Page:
What do you remember best from your last vacation? The tropical beaches? The historical ruins you toured? The incredible new wildlife you saw? Or are your memories of the food poisoning you got from that first dinner? Or of spending the night in a strange emergency room after spraining your ankle?

Nothing can ruin a vacation faster than getting sick or injured. Here's a look at the six most terrifying travel risks-and how you can prevent them.

1. Diarrhea: Sometimes termed turista or Montezuma's revenge, it's common for travelers visiting foreign countries to feel ill after drinking the local tap water or eating food prepared with poorly sanitized water. As many as half of all international vacationers will develop diarrhea (usually during the first week of their trips), according to the Centers for Disease Control and Prevention (CDC). The best way to prevent it is to drink only bottled water or boil local tap water. Also beware of fruits and vegetables that may have been rinsed with local water.

2. Blood clots: Sitting still for long flights, like those to Europe, Asia, and Australia, can cause a dangerous condition known as deep vein thrombosis (DVT). It develops when a blood clot forms in the leg or thigh and, in very serious cases, travels through the bloodstream, possibly getting stuck in the brain, lungs, or heart, according to the National Institutes of Health (NIH). People with high blood pressure and diabetes are at greatest risk. One way to help prevent it is by walking, even very short distances up and down the plane aisles, before and during the flight. The Medical College of Wisconsin recommends people at risk talk to their doctors about making adjustments to their medications before taking a long flight. Taking a low-dose aspirin before traveling may help, too.

3. Mosquito bites: Beyond the annoying itch that mosquito bites cause, these little insects can infect travelers with malaria, too. Malaria is a flu-like disease that is most common in Africa, Central and South America, parts of Asia, and Eastern Europe. According to the American Academy of Family Physicians, people traveling to high-risk locales can protect themselves by using insect repellents with DEET, wearing clothes coated with permethrin, and using mosquito netting over the bed. Some travelers may want to ask their doctors about getting preventative malaria medicine.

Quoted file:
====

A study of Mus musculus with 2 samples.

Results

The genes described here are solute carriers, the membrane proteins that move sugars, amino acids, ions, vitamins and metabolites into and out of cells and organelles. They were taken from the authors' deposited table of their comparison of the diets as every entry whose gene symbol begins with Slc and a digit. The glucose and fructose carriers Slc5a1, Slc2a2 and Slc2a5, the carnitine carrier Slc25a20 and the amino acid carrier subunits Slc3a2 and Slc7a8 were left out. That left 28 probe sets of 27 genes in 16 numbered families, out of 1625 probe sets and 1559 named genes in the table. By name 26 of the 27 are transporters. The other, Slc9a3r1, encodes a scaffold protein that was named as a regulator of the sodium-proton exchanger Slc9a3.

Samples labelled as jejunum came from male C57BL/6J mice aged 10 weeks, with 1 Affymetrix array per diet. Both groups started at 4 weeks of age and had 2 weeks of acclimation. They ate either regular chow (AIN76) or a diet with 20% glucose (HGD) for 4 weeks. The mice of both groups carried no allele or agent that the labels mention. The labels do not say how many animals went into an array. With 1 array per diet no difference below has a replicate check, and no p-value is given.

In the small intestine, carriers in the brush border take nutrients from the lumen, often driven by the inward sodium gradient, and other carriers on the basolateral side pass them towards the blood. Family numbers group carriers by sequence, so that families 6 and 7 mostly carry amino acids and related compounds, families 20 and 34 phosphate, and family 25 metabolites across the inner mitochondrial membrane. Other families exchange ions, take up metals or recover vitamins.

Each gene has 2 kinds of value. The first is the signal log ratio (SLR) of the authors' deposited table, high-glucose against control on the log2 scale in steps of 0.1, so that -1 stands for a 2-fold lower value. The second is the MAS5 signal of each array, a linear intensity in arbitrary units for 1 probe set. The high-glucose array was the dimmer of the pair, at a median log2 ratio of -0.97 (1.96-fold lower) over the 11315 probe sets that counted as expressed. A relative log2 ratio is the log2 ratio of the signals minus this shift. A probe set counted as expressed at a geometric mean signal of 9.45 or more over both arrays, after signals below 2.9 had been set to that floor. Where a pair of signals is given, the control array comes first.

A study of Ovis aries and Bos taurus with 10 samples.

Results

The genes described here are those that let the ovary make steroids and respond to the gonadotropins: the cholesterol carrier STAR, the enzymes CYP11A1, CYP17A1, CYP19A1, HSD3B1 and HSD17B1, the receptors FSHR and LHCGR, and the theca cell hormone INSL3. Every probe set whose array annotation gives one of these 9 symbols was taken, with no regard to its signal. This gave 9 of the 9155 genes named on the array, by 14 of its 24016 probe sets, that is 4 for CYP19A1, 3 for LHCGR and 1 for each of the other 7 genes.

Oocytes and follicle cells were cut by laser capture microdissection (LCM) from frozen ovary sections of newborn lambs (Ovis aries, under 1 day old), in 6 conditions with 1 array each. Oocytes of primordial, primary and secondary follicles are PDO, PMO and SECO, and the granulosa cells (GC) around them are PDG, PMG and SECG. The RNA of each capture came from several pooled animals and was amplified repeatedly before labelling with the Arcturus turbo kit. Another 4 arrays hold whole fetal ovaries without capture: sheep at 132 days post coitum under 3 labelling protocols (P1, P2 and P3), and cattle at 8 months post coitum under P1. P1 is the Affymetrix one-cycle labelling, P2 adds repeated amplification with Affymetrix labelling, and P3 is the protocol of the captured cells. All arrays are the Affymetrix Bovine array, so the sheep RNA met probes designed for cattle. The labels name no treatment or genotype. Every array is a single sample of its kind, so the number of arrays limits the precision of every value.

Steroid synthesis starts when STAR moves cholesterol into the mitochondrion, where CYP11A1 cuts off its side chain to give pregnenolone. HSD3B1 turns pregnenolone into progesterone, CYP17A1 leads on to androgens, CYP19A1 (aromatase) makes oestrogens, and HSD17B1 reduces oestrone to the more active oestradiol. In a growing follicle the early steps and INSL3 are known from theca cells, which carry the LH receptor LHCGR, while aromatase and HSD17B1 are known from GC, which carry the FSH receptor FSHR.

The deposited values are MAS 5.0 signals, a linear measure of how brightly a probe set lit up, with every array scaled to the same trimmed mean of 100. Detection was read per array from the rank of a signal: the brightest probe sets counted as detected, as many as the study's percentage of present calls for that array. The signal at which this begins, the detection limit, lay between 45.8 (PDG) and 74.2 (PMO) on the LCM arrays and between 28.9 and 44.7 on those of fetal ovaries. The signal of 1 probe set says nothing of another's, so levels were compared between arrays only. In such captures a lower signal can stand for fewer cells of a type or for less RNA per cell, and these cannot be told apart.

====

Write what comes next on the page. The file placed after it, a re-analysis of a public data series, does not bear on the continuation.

4. Dehydration: Dehydration can begin on the way to your destination, and it can be aggravated during your trip if you spend too much time in the sun, drink too much alcohol, or get food poisoning or diarrhea. Fortunately, you can prevent dehydration by drinking plenty of fluids. Water is sufficient, and the CDC recommends avoiding alcoholic drinks and beverages with too much sugar, which could cause the loss of body fluids.

5. Waterborne infections: It's possible to pick up parasites, such as schistosomiasis (which can cause serious infections) or Naegleria (which can cause severe brain infections), by wading or swimming in fresh water lakes and streams. Travelers should definitely stay away from warm, stagnant water and areas with signs warning them to stay out of the water.

6. Accidents: The State Department estimates that more than 200 American citizens die in traffic accidents abroad each year. Remember, other counties have different safety laws than the United States. For example, cars may lack seatbelts, or boats may not be required to keep life jackets on board. If you're driving a rented vehicle, research the local rules before you get there: Which side of the road do they drive on? Who has the right-of-way at traffic circles? Is it customary to honk when going around a sharp bend?